D-Block Elements: Properties & Electron Configuration

  • 0:35 Electron Configuration
  • 2:14 Properties Of D-Block Elements
  • 3:15 Lesson Summary
Instructor: Marauo Davis

Marauo has taught both chemistry and mathematics in the high school and college setting and has a Ph.D. degree in chemistry.

In this lesson, we'll explore the d-block elements, which are the transitional elements situated in the center of the periodic table of elements. Read on to learn about this block of elements as well as how they behave.

D-Block Elements

Have you ever taken a look at the periodic table and noticed that it is separated into different groups according to color? These groupings are blocks, which are made up of adjacent columns of elements with similar chemical or physical characteristics. You may have noticed that there is a large block of elements in the middle of the periodic table - these are the d-block elements. Also known as transition metals, d-block elements are arranged from groups 3-12 and defined by their d-electron configuration, which we'll discuss later on in the lesson.

D-Block Elements
d-block elements

Electron Configuration

Compared to their counterparts elsewhere on the periodic table, d-block elements have some very different chemistry. The primary characteristic that separates these metals from others is the composition of their d-electron, which is responsible for some very interesting bonding and reactivity.

In order for us to talk about d-electron configuration, we must first understand what electron configuration is and how it applies. Electron configuration is the arrangement of electrons in the orbitals of metals. Each element has its own unique electron configuration. When discussing bonding in molecules, it's important to know the orbitals involved - s,p,d, and f, which are abbreviations for the colored, or spectral, lines of an element.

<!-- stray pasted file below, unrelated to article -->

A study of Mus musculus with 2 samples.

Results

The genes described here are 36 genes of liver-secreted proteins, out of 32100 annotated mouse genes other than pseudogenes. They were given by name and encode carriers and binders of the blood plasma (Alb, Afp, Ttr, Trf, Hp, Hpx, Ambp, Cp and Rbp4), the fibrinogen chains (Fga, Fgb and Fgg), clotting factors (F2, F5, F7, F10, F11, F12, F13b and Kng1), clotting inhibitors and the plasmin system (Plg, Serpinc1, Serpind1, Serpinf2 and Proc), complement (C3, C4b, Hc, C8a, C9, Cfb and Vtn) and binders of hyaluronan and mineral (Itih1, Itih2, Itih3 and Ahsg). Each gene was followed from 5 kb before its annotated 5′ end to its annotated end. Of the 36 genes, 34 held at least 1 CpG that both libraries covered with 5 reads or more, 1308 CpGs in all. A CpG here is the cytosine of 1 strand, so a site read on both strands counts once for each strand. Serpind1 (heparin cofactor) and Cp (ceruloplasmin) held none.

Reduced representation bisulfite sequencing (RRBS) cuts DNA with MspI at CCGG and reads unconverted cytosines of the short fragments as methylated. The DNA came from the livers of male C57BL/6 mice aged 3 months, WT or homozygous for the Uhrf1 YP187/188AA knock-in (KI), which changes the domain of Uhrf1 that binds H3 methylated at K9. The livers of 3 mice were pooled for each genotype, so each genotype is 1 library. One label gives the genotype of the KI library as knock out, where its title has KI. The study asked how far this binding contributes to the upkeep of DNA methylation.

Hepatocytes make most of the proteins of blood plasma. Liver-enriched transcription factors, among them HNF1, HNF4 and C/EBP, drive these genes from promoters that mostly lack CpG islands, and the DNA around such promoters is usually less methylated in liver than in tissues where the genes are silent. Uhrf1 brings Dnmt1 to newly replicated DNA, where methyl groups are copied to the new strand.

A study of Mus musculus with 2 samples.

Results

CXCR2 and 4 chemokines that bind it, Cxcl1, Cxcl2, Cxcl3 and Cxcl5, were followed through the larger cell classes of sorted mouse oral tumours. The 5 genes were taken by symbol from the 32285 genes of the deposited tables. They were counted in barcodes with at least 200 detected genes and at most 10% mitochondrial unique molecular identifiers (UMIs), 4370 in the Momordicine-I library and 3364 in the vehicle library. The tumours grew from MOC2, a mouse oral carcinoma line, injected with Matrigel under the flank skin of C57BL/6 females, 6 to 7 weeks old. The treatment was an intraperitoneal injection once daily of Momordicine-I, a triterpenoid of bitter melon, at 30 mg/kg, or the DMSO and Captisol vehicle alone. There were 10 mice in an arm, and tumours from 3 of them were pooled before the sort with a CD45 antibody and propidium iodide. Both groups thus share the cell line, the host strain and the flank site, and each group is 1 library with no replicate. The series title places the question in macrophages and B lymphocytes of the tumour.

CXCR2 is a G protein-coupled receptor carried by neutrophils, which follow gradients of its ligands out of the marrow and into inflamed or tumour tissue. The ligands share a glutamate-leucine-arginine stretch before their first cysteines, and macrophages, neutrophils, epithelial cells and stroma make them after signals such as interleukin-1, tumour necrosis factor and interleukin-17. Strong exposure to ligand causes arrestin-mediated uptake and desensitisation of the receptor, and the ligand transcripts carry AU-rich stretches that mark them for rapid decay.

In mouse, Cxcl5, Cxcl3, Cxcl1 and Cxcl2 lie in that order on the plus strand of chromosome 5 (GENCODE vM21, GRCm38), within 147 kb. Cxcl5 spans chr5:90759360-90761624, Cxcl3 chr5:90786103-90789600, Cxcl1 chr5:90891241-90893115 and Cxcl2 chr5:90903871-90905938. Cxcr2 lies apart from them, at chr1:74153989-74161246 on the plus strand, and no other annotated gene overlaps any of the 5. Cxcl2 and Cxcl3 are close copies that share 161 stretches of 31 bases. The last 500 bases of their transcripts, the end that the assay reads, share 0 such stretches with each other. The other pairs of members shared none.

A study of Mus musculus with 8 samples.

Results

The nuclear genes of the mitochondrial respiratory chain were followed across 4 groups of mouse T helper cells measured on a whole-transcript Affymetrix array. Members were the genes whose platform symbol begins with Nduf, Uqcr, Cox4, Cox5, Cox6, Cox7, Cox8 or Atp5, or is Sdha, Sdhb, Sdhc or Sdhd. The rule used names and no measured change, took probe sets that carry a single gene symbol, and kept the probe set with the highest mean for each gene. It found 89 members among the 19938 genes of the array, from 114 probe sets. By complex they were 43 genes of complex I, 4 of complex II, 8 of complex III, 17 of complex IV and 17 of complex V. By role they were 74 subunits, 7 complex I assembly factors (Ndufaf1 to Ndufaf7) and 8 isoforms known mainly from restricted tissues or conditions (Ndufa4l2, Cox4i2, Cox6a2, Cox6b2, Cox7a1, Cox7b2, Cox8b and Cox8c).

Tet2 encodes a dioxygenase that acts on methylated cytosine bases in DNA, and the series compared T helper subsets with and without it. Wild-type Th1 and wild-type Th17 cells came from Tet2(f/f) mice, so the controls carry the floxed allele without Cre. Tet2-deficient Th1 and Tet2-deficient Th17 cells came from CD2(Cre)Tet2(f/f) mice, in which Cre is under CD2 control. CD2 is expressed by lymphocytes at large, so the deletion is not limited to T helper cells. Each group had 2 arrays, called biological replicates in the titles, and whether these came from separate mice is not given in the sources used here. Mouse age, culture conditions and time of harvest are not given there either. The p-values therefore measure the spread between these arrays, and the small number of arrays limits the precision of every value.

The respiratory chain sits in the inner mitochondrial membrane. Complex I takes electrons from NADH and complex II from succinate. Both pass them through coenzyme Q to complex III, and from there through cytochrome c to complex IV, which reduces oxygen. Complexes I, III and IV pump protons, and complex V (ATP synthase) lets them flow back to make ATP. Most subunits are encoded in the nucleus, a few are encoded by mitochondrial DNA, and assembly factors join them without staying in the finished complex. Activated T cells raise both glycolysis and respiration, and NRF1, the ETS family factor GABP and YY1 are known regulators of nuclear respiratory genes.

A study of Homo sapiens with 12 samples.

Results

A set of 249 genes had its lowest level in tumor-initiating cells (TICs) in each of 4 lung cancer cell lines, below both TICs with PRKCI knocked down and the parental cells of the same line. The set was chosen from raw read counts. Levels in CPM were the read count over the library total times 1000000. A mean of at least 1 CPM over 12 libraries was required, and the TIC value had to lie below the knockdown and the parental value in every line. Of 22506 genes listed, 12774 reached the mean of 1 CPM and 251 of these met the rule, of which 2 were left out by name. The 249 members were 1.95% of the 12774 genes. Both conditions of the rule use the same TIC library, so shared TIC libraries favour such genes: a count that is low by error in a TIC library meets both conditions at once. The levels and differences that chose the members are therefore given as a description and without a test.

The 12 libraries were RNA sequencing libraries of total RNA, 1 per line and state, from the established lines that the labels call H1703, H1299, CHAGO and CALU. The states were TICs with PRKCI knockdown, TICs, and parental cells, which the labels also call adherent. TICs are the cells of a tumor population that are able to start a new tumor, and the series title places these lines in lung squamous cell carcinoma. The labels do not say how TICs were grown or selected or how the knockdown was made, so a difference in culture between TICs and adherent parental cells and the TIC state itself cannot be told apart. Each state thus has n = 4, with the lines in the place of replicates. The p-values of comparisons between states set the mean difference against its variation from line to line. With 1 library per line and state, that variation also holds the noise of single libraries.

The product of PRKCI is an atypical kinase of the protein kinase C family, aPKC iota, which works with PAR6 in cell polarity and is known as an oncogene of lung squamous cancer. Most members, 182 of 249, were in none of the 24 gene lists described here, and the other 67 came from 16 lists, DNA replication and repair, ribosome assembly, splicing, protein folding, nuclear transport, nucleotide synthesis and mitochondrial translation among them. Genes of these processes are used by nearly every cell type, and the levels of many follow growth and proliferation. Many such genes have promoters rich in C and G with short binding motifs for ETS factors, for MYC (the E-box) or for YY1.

For the transition metals, we are concerned mainly with d-orbitals, also known as the d-block elements. The d-orbital can hold, at most, 10 electrons. Valence electrons are those electrons required to form bonds with other elements. They are responsible for reactivity.

Transition metals have the potential for completely filled or partially filled orbitals that change their oxidation states. Although these metals can exist in several oxidation states, they follow a general trend. Starting from left to right across the d-block on the periodic table, or scandium (Sc) to zinc (Zn), the number of electrons in the d-orbital increases by one. Often times, chemists will refer to the stable or ground state of a transition metal by its d-label. For example, they may say d-5 to refer to manganese (Mn) in the ground state.

Properties of D-Block Elements

Like all metals, transition metals are highly thermal and electrically conductive; ductile, which means they can be stretched into a thin wire; and malleable, which means they can be molded without breaking.